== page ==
How Epilepsy is Treated in Dogs
The first time your dog suffered a seizure, it probably scared you. When your veterinarian diagnosed the dog with epilepsy, you probably feared for your pet’s life. Fortunately for dedicated dog lovers, it is entirely possible for a dog to live a long and healthy life with epilepsy. Here’s a description of how it is usually treated.
Many advancements have been made in recent years when it comes to treating epileptic dogs. Unfortunately, medications do not work 100 percent of the time and can sometimes have harmful side effects. But most of them usually decrease the number and severity of canine seizures. Your veterinarian will typically prescribe medication only if your dog averages at least one or two seizures a month.
When your pet is officially diagnosed with epilepsy, he or she may be given phenobarbital, potassium bromide, or a combination of the two. Phenobarbital is usually more effective in preventing seizures, but the side effects can be frightening.
Most dogs that are placed on the drug will experience lethargy and excessive hunger. Happily, the lethargy will often go away within a few weeks as your pet’s system gets used to the medication. Liver damage is another potential side effect that should be discussed with and monitored by your vet.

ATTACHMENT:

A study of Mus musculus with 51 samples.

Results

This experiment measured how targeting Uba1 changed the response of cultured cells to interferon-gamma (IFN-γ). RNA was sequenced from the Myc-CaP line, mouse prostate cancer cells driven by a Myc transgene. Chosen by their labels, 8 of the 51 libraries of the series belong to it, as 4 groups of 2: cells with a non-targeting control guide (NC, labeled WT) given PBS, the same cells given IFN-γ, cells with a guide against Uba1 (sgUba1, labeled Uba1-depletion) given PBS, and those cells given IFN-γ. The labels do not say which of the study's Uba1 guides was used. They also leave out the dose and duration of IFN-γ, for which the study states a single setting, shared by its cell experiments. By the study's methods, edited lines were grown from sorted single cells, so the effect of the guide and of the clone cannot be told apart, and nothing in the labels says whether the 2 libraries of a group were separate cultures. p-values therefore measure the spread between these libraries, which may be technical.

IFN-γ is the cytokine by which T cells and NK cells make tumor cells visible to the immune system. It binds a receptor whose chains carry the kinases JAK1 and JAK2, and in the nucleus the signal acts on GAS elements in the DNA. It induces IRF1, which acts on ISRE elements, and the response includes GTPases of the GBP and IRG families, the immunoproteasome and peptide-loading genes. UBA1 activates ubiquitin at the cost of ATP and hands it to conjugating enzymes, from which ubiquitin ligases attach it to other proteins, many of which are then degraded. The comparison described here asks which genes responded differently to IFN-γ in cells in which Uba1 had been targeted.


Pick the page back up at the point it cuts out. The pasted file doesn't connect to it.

Potassium bromide is usually not as effective as phenobarbital, but it is safer. The only major side effect is potential stiffness in your pet’s hind legs. If you notice stiffness in the dog’s rear legs when he or she goes on a potassium bromide regimen, stop giving it to your pet and contact the veterinarian.
Many people end up using a mix of the two medications. Other drugs are available as alternative treatments. Some of these include valproic acid, clonazepam, and clorazepate. It’s important to give your pet any medication in the exact amount and manner prescribed by your veterinarian.
Change in Diet
Just as with humans, designing a healthier diet for your pet can help prevent and fight various diseases. Many believe that a nutritious diet can effectively avoid or weaken canine seizures. This may involve purchasing premium dog food at a pet shop instead of the inexpensive stuff found in grocery stores. Look for foods that do not use artificial flavors and other chemicals.
A better way to ensure your pet is getting an all-natural diet with lots of good vitamins is to put together your own dog food. A raw or home-cooked diet should be stocked full of protein, amino acids, magnesium, and other key vitamins and minerals. You should also avoid feeding your dog any products that contain wheat, corn, or soy. These offer little nutritional value for dogs, and can even cause an allergic reaction in your pet.
If you are open to alternative forms of medicine, you may want to give acupuncture a try. Studies conducted in the United States have indicated that dogs who received acupuncture as a treatment for epilepsy tended to experience fewer seizures and required lower doses of medication in treatment.
Canine Epilepsy: An Owner's Guide to Understanding & Living with Canine Seizures
This guide will help you and your canine companion deal with canine epilepsy. You'll learn how to detect symptoms of an upcoming seizure, treat during and after a seizure, and prevent future seizures.